What to look for in a sewing machine
If you are looking for an ideal sewing machine for machine quilting, I’d like to suggest some features to consider:
- length – a longer arm makes a huge difference, because it gives you more room to quilt. Ordinary domestic sewing machines have a 7 inch wide harp. The JUKI TL 98-P and the Janome 6500 and 6600 have a 9 inch wide harp. The new Janome Horizon has an 11 inch wide harp/arm
- height – several machines have gone longer, but once you put the sewing machine on a frame, the height becomes important too. On a frame, with the fabric bar under the arm of the sewing machine, you really need the height also. You can see this in the photo above. It’s a shame that many of the sewing machine companies have not taken this into consideration. On a frame, as you progress though a quilt, the fabric on the bar becomes wider and higher as you roll the quilt. Because the fabric bar is under the arm of the sewing machine, this means that the height of the arm is just as important as the width. If the height of the arm of the sewing machine is only 4 or 5 inches, it is not going to accommodate the size of the roll of a King sized quilt.
- speed– here we’re talking about stitches per minute. The speed helps to create a flowing line of stitching. Machine quilting is a bit like riding a bike, too slow and you’ll fall off. You need a steady fast speed to create a flowing line of stitching. The JUKI TL98-P has a speed of 1500 stitches per minute. The Janome 1600P has a speed of 1600 stitches per minute. The Janome Memory Craft 6600 has a speed of 1200 stitches per minute. The new Janome Horizon has a speed of 1000 stitches per minute. Bear in mind here, the faster the speed, the smoother the line of stitching.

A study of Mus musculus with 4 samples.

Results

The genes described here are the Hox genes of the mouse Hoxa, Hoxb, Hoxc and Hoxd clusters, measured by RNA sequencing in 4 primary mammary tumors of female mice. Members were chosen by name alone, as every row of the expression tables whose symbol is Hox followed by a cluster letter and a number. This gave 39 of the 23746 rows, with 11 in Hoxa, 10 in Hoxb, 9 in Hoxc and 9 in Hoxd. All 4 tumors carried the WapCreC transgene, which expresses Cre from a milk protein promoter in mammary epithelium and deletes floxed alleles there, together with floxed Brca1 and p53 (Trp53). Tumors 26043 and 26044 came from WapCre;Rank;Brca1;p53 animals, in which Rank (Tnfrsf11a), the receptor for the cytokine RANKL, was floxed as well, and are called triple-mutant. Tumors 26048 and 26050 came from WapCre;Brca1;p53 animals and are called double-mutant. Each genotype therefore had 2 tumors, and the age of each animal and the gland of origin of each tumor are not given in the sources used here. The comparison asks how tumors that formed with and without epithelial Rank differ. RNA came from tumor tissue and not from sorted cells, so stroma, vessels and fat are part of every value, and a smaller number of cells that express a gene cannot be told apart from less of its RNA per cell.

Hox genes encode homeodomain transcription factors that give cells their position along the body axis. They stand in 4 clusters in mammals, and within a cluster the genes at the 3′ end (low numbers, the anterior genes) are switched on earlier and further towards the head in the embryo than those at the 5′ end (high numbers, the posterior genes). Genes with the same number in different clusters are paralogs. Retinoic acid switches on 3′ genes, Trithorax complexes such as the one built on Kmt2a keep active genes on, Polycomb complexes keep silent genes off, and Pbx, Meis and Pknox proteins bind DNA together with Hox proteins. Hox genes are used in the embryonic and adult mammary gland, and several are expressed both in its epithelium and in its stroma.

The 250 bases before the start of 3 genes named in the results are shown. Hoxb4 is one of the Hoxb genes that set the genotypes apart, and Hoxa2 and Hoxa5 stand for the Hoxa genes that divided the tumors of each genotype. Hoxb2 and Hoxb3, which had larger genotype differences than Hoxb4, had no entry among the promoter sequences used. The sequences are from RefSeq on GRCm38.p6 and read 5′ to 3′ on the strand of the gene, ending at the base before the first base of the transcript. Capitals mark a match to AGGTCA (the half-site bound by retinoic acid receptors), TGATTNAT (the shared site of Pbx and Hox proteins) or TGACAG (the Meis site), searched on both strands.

- other features–I find the needle up/down feature really helpful. Being able to leave the needle down and walk away, lets you begin again just where you left off. The thread cutter is very helpful too.
- simplicity– for free-motion quilting, simplicity is the key. The more complicated your sewing machine the more difficult it is to tension. For free-motion machine quilting on a frame, the simpler the better. Once you drop the feed dogs, you loose those special stitches. On a frame, all you need is a good straight stitch. Save the fancy machines with all the ‘whistles and bells’ for off the frame stitching.
- service– lots of people will sell you cheap sewing machines, especially at the shows. But you want someone willing to give you good service even after you make the sale. Wherever you are purchasing your sewing machine from, make sure you have someone local willing to give you good service. All machines break sometime or other. Be sure that you have someone nearby able to give you the service and advice you need.